Earlier this week, IIUSA submitted a letter to U.S. Citizenship and Immigration Services (USCIS) regarding the agency’s recent update on Regional Center re-designation. On April 11, the agency updates its website stating that all regional centers were no longer designated and would need to seek redesignation.
IIUSA, as the industry representative, is concerned about the consequences of the agency’s statement and is seeking a meeting with USCIS officials to discuss concerns. IIUSA and its members understand the importance of regional center compliance with the Reform and Integrity Act (“RIA”) but we also believe that there is a solution through which regional centers can demonstrate compliance without further delaying the industry’s return. There are too many economic development projects and jobs in the balance to further delay.
We look forward to working with the agency on this critical matter.
RE: Regional Center Re-designation
Dear Secretary Mayorkas, Director Jaddou, and Chief Emmel:
IIUSA respectfully requests the opportunity to meet with you to discuss the urgent matter raised in this letter as well as other time-sensitive issues regarding the Regional Center Program’s recent multi-year reauthorization contained in the EB-5 Reform and Integrity Act of 2022 (“RIA”).
On March 21, 2022, we sent a letter to Chief Emmel concerning the implementation of certain sections of the RIA. Specifically, we sought to address immediately the potential impact of interpreting the repeal of §610 of the Departments of Commerce, Justice, and State, the Judiciary, and Related Agencies Appropriations Act, 1993 (8 U.S.C. 1153 note) (“§ 610 Repeal”) as calling for existing regional centers to seek re-designation by filing a new application with the USCIS under the RIA, or more disastrously, awaiting approval of such a new application before commencing post-enactment operations. Yet, regrettably, on April 11, 2022, USCIS published an update on its website stating that all existing regional centers were no longer authorized and required re-designation.
As stated in our prior letter, this interpretation would vitiate the purpose of the RIA, as it would likely take many months or even years before currently existing RIA compliant regional centers are so re-designated. Such extensive delay would thwart clear Congressional intent to reauthorize and reactivate a compliant Regional Center Program that provides so many obvious economic benefits to our nation.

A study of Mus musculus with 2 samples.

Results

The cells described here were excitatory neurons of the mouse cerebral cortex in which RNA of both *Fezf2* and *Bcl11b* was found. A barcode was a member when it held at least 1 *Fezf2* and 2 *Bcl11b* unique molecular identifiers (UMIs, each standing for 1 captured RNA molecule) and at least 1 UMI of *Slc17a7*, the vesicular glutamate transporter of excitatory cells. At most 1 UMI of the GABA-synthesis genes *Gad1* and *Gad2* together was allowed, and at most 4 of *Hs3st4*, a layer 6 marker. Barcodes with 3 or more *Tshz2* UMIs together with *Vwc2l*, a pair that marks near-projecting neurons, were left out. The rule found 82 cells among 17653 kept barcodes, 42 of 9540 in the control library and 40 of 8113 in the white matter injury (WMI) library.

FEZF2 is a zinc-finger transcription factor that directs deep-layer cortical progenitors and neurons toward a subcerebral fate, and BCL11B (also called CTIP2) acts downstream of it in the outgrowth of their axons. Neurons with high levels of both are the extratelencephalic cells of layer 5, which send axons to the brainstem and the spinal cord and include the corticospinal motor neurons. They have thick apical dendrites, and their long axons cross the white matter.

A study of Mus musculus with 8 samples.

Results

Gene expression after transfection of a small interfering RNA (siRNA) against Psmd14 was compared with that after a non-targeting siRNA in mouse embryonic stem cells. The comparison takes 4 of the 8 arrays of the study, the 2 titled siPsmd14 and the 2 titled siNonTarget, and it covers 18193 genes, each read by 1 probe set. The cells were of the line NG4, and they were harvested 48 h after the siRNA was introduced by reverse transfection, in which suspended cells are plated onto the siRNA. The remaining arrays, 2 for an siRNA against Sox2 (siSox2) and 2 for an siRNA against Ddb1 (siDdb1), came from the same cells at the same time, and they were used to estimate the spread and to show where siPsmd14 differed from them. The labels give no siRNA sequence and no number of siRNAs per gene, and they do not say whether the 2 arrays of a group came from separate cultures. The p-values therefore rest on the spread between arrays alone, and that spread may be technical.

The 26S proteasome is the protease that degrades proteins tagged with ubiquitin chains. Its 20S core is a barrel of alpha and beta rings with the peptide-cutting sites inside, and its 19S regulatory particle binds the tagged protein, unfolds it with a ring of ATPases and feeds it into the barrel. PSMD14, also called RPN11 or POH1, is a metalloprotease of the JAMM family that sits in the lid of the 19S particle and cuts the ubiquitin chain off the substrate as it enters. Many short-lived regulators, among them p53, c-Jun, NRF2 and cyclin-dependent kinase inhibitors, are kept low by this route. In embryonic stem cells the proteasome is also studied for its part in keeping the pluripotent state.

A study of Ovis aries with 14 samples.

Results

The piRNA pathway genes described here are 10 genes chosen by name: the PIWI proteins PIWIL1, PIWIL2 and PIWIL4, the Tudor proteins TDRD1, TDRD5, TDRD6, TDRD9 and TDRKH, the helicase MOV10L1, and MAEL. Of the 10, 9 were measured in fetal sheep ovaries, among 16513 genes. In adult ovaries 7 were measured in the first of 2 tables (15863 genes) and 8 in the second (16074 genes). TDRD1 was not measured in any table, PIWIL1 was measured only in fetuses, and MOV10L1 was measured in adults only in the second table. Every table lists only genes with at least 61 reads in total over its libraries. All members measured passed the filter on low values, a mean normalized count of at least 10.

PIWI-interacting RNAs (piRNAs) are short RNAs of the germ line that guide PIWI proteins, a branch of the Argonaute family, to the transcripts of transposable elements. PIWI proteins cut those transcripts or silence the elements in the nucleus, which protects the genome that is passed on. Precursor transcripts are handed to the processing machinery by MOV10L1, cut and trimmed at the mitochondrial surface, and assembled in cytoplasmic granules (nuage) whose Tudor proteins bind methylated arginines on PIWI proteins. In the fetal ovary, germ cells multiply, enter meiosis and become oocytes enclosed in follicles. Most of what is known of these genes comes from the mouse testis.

We understand the importance of ensuring that all regional centers demonstrate their compliance with the RIA as soon as possible. While we do not agree that the repeal of §610, as a matter of law or policy, requires the re-designation of existing regional centers, we prefer, for the purpose of this letter, to respectfully suggest a process that will provide USCIS with information demonstrating RIA compliance without further delay to the recommencement of EB-5 economic development. The process we suggest for existing regional centers is as follows:
On or after May 14, 2022, an existing regional center, in good standing as of June 30, 2021, may file the RIA Compliance Attestation and Re-designation Proposal attached as Exhibit A hereto along with Form I-924A and a filing fee of $3,035.00 (collectively the “RIA Compliance Attestation”). Effective immediately upon filing the RIA Compliance Attestation, the filing regional center shall be deemed re- designated and authorized to do business as a regional center, unless and until terminated by USCIS. A regional center may file an Application for Approval of an Investment in a Commercial Enterprise concurrently with, or subsequent to, the RIA Compliance Attestation. USCIS administers and is familiar with this suggested compliance mechanism in the Form I-924A context as well as in other immigration contexts such as the H-1B Labor Condition Application.